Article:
N-Methylaspartate; N-Methyl-D-aspartate; NMDA
3D model (JSmol)
CompTox Dashboard (EPA)
|Molar mass||147.130 g·mol−1|
|Appearance||White, opaque crystals|
|Melting point||189 to 190 °C (372 to 374 °F; 462 to 463 K)|
|S-phrases (outdated)||S22, S24/25|
|Lethal dose or concentration (LD, LC):|
LD50 (median dose)
|137 mg kg−1 (intraperitoneal, mouse)|
Related amino acid derivatives
Except where otherwise noted, data are given for materials in their standard state (at 25 °C [77 °F], 100 kPa).
|what is ?)(|
N-Methyl-D-aspartic acid or N-Methyl-D-aspartate (NMDA) is an amino acid derivative that acts as a specific agonist at the NMDA receptor mimicking the action of glutamate, the neurotransmitter which normally acts at that receptor. Unlike glutamate, NMDA only binds to and regulates the NMDA receptor and has no effect on other glutamate receptors (such as those for AMPA and kainate). NMDA receptors are particularly important when they become overactive during, for example, withdrawal from alcohol as this causes symptoms such as agitation and, sometimes, epileptiform seizures.
In 1962, J.C. Watkins reported synthesizing NMDA, an isomer of the previously known N-Methyl-DL-aspartic-acid (PubChem ID 4376). NMDA is a water-soluble D-alpha-amino acid — an aspartic acid derivative with an N-methyl substituent and D-configuration — found across Animalia from lancelets to mammals. At homeostatic levels NMDA plays an essential role as a neurotransmitter and neuroendocrine regulator. At increased but sub–toxic levels NMDA becomes neuro-protective. In excessive amounts NMDA is an excitotoxin. Behavioral neuroscience research utilizes NMDA excitotoxicity to induce lesions in specific regions of an animal subject's brain or spinal cord to study behavioral changes.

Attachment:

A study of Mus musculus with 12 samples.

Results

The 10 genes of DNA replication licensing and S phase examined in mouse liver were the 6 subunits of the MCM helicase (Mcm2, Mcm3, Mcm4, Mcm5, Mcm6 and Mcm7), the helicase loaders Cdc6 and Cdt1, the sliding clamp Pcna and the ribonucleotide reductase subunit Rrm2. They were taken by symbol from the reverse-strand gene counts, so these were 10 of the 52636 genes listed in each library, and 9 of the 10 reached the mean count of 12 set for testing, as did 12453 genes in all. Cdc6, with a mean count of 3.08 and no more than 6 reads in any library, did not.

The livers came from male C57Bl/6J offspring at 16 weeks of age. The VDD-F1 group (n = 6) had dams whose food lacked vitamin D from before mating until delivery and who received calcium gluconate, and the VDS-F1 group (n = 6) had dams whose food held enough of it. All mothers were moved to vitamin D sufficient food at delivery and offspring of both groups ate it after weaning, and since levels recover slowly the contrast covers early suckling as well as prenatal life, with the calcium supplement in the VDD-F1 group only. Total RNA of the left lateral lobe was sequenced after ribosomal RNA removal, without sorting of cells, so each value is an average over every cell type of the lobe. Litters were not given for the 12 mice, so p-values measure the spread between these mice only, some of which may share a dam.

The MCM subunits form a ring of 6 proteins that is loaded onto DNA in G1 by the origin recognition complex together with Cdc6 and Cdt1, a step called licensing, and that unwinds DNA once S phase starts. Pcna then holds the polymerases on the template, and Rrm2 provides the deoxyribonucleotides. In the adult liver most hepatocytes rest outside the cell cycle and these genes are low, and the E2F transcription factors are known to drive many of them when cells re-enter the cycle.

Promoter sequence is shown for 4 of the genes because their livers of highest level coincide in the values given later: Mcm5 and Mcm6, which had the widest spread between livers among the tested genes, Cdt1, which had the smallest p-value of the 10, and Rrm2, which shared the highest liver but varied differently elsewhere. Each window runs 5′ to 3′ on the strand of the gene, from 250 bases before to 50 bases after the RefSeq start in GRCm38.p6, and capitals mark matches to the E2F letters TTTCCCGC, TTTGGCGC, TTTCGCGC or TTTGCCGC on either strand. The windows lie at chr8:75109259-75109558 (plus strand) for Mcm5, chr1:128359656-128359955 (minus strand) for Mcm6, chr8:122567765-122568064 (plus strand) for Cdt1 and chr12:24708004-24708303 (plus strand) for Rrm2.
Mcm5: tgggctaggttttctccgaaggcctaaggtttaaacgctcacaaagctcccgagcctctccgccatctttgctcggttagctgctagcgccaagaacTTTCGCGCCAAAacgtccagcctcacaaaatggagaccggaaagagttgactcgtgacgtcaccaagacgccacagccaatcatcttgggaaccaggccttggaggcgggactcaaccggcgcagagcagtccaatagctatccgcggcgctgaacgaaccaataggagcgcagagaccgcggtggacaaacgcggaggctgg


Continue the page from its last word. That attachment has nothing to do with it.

The mechanism of action for the NMDA receptor is a specific agonist binding to its NR2 subunits, and then a non-specific cation channel is opened, which can allow the passage of Ca2+ and Na+ into the cell and K+ out of the cell. Therefore, NMDA receptors will only open if glutamate is in the synapse and concurrently the postsynaptic membrane is already depolarized - acting as coincidence detectors at the neuronal level. The excitatory postsynaptic potential (EPSP) produced by activation of an NMDA receptor also increases the concentration of Ca2+ in the cell. The Ca2+ can in turn function as a second messenger in various signaling pathways. This process is modulated by a number of endogenous and exogenous compounds and plays a key role in a wide range of physiological (such as memory) and pathological processes (such as excitotoxicity).
Examples of antagonists, or more appropriately named receptor channel blockers, of the NMDA receptor are APV, amantadine, dextromethorphan (DXM), ketamine, magnesium, tiletamine, phencyclidine (PCP), riluzole, memantine, methoxetamine (MXE), methoxphenidine (MXP) and kynurenic acid. While dizocilpine is generally considered to be the prototypical NMDA receptor blocker and is the most common agent used in research, animal studies have demonstrated some amount of neurotoxicity, which may or may not also occur in humans. These compounds are commonly referred to as NMDA receptor antagonists.